Lyndon B. Johnson - Thirty-Sixth President of the United States

Lyndon Johnson

Born on August 27, 1908, in Texas, Johnson grew up the son of a politician. He worked throughout his youth to earn money for the family. His mother taught him to read at an early age. He went to local public schools, graduating from high school in 1924. He spent three years traveling around and working at odd jobs before going to the Southwest Texas State Teachers College. He graduated in 1930 and attended Georgetown University to study law from 1934-35.

Family Ties

Johnson was the son of Samuel Ealy Johnson, Jr., a politician, farmer, and broker, and Rebekah Baines, a journalist who graduated from Baylor University. He had three sisters and one brother. On November 17, 1934, Johnson married Claudia Alta "Lady Bird" Taylor. As First Lady, she was a huge proponent of the beautification program to try and improve the way America looked. She was also quite a savvy businesswoman. She was awarded the Medal of Freedom by President Gerald Ford and the Congressional Gold Medal by President Ronald Reagan. Together they had two daughters: Lynda Bird Johnson and Luci Baines Johnson.

Lyndon B. Johnson's Career Before the Presidency

Johnson began as a teacher but quickly moved into politics. He was the Director of National Youth Administration in Texas (1935-37) and then elected as a U.S. Representative where he served from 1937-49. While a congressman, he joined the navy to fight in World War II. He was awarded the Silver Star. In 1949, Johnson was elected to the U.S. Senate, becoming the Democratic Majority Leader in 1955. He served until 1951 when he became Vice-President under John F. Kennedy.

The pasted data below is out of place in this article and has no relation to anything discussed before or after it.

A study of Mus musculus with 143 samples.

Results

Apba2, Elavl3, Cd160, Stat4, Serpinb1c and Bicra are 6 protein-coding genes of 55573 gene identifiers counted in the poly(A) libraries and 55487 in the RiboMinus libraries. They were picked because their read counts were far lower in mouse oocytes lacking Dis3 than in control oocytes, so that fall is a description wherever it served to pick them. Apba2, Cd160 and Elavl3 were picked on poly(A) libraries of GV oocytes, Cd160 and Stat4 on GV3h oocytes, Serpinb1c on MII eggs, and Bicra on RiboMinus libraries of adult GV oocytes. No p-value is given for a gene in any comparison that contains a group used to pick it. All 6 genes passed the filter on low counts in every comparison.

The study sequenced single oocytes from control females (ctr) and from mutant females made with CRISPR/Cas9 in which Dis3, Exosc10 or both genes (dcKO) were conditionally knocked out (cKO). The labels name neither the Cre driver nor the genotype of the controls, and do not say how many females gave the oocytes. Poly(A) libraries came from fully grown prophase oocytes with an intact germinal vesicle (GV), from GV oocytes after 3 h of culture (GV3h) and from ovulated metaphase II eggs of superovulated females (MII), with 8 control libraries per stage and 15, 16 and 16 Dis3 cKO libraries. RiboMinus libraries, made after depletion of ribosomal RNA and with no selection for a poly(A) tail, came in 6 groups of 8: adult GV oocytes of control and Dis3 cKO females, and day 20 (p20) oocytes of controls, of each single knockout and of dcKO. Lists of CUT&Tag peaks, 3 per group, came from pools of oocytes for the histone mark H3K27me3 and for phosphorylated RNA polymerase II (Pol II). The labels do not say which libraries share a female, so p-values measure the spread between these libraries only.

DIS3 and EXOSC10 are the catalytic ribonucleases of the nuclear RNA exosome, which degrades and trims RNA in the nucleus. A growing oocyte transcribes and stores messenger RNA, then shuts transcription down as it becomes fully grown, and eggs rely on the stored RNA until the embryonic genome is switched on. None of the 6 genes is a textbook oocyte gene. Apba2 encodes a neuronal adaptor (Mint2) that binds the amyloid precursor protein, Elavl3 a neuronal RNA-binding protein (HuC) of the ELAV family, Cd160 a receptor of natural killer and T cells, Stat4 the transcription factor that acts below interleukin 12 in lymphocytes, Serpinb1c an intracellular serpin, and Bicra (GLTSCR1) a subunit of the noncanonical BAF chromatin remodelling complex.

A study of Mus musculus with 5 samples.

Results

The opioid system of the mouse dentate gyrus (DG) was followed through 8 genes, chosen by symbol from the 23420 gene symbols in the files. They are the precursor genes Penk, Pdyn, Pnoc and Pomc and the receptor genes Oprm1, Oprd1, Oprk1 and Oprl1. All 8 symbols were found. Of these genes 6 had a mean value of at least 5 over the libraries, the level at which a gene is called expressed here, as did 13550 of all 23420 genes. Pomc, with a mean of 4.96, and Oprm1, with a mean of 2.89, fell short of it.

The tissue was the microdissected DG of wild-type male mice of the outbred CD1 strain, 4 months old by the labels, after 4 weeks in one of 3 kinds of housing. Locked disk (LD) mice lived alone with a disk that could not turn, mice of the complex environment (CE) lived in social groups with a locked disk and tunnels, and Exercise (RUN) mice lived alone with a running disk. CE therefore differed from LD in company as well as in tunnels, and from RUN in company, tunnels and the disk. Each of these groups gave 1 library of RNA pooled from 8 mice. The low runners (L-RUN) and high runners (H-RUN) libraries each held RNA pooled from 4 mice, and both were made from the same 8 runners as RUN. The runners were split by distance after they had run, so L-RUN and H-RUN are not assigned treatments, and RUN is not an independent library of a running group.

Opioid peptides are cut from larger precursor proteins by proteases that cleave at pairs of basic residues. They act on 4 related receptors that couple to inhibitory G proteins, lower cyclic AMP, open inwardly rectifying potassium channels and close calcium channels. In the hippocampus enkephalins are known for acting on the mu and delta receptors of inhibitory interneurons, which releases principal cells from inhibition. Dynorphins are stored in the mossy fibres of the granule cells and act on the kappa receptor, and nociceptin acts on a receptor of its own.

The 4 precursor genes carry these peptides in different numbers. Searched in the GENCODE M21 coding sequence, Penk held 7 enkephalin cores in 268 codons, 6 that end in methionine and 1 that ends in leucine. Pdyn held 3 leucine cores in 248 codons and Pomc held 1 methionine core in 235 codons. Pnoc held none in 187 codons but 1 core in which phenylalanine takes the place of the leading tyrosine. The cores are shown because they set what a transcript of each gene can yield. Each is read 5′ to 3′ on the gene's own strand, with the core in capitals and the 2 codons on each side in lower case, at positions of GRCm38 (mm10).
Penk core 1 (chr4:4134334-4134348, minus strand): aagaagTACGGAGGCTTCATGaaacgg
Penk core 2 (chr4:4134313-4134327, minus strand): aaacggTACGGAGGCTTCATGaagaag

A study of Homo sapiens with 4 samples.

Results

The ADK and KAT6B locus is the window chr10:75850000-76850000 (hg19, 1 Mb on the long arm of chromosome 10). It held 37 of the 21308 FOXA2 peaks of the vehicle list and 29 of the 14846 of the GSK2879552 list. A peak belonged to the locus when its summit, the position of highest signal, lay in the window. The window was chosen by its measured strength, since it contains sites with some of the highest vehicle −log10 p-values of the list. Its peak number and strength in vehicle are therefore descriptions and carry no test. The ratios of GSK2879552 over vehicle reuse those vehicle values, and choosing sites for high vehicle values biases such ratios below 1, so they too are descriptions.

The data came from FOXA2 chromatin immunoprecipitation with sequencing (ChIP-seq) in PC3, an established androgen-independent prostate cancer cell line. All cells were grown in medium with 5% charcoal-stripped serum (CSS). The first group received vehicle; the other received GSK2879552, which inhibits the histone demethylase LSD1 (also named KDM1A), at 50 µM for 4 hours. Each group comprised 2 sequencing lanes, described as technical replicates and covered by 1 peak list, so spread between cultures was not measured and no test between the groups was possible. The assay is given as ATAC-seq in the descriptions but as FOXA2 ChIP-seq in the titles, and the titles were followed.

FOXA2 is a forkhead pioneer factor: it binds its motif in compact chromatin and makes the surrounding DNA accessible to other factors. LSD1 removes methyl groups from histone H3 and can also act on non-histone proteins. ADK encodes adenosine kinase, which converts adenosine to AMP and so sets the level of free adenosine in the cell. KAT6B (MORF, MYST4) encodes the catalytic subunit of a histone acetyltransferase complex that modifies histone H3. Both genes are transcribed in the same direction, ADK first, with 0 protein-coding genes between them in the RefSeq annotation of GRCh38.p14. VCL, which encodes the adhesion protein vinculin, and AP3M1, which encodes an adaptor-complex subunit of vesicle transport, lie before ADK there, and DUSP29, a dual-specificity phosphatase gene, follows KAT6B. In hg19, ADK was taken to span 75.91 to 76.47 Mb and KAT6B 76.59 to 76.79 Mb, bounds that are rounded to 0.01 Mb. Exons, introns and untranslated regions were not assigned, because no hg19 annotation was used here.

Becoming President

On November 22, 1963, John F. Kennedy was assassinated and Johnson took over as president. The next year he was nominated to run for the Democratic Party for the presidency with Hubert Humphrey as his vice-president. He was opposed by Barry Goldwater. Johnson refused to debate Goldwater. Johnson easily won with 61% of the popular vote and 486 of the electoral votes.

Events and Accomplishments of Lyndon B. Johnson’s Presidency

Johnson created the Great Society programs, which included antipoverty programs, civil rights legislation, the creation of Medicare and Medicaid, the passage of some environmental protection acts, and the creation of laws to help protect consumers.

Three important pieces of Civil Rights legislation were as follows: 1. The Civil Rights Act of 1964, which did not allow discrimination in employment or in the use of public facilities. 2. The Voting Rights Act of 1965, which outlawed discriminatory practices that kept blacks from voting. 3. The Civil Rights Act of 1968, which outlawed discrimination for housing. Also during Johnson's administration, Martin Luther King, Jr. was assassinated in 1968.

The Vietnam War escalated during Johnson's administration. Troop levels which started with 3,500 in 1965 reached 550,000 by 1968. America was divided in support of the war. America in the end did not have a chance of winning. In 1968, Johnson announced he would not run for reelection in order to spend time to get peace in Vietnam. However, peace would not be achieved until President Nixon's administration.

Post-Presidential Period

Johnson retired on January 20, 1969 to his ranch in Texas. He did not return to politics. He died on January 22, 1973 of a heart attack.

Historical Significance

Johnson escalated the war in Vietnam and eventually had to turn to peace when the U.S. was unable to achieve victory. He is also remembered for his Great Society policies where Medicare, Medicaid, the Civil Rights Act of 1964 and 1968 and the Voting Rights Act of 1965 were passed among other programs.